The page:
GM Is More Than Halfway Through Delivering Pickup Trucks Parked Due To Chip Shortage

General Motors is moving through the backlog of pickups it was able to build, but not finish as a result of missing chips. The company’s North American CEO, Steve Carlisle, said the company is more than halfway through shipping the vehicles.

“We’ve made great progress,” Carlisle told Reuters. “We’re a bit better than halfway through that at the moment and our goal would be to clear out our ’21 model years by the end of the year. We’ll have a bit of a tail of ’22 model years into the new year but not for too long.”

Both GM and Ford were forced to park nearly completed pickups near their plants as a result of the semiconductor shortage. The glut of vehicles led the manufacturers to sell some of them without some functions that could not be added as a result of the missing parts.

Read More: GM Is Parking 1,000 SUVs And Trucks Every Day As It Awaits Chips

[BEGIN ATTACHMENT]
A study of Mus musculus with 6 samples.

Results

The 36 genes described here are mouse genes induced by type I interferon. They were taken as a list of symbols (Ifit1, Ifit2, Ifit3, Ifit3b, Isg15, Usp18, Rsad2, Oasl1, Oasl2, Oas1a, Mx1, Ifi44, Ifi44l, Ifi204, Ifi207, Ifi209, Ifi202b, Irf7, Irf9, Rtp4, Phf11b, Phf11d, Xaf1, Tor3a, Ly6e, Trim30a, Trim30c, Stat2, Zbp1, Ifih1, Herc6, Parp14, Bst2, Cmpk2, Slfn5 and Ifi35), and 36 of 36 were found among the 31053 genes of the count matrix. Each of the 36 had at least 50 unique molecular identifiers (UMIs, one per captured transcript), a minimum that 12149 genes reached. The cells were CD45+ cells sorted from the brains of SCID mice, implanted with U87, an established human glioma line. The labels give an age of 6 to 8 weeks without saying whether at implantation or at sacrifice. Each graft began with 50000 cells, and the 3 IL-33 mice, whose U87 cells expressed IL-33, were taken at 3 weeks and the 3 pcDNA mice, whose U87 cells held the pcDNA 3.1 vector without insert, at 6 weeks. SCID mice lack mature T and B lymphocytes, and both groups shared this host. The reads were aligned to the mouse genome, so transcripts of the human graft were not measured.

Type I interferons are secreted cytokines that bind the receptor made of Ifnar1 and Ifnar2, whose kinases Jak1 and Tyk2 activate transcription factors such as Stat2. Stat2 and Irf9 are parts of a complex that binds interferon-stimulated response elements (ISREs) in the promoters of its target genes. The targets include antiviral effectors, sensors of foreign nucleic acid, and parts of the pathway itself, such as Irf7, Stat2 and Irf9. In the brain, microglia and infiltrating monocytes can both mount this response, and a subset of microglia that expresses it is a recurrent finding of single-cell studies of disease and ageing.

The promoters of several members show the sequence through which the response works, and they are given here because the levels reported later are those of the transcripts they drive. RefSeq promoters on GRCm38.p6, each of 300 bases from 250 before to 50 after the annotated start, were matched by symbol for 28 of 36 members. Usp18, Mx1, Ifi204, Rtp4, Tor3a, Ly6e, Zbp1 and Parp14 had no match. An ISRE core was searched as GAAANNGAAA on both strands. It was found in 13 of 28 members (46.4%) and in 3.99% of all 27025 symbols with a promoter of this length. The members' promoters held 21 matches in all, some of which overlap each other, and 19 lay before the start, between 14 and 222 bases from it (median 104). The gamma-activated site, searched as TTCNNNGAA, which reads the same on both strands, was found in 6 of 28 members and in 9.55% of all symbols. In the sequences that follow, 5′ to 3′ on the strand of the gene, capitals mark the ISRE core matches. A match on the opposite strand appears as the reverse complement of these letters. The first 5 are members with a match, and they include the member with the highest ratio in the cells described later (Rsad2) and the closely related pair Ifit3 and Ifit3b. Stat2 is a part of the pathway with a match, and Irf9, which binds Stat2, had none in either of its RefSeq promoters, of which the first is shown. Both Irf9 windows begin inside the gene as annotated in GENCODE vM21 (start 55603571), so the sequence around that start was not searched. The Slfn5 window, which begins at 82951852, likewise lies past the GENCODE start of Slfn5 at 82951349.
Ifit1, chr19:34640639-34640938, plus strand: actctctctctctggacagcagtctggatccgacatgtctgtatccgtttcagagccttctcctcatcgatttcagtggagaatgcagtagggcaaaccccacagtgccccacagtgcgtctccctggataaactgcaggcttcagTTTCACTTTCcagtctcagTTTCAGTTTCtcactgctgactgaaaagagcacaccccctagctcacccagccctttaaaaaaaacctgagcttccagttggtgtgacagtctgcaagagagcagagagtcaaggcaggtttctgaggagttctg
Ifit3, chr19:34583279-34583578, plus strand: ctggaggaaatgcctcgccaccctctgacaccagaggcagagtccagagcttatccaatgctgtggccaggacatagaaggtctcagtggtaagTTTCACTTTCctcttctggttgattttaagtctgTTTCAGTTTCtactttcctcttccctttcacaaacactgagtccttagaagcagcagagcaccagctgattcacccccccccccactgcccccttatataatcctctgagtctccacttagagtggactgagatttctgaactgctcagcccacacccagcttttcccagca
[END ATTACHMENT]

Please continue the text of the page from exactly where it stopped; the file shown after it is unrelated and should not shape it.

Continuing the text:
As chips have slowly flowed in, though, GM has been able to deliver the vehicles, buying a number of car haulers to help expedite the delivery process. It even allowed dealers to pick the vehicles themselves at some locations.

Carlisle said that he wants to get vehicle inventories back up to pre-shortage levels, to 30 to 45 days. That would be a stark increase from the less than 20 days they had shrunk during this supply chain disruption.

With few expecting the chip shortage to be solved this year, though, some buyers may have to continue to be patient, despite Carlisle’s optimism.

In all, the semiconductor saga is expected to cost the wider industry $210 billion this year and result in 7.7 million fewer vehicles being produced globally.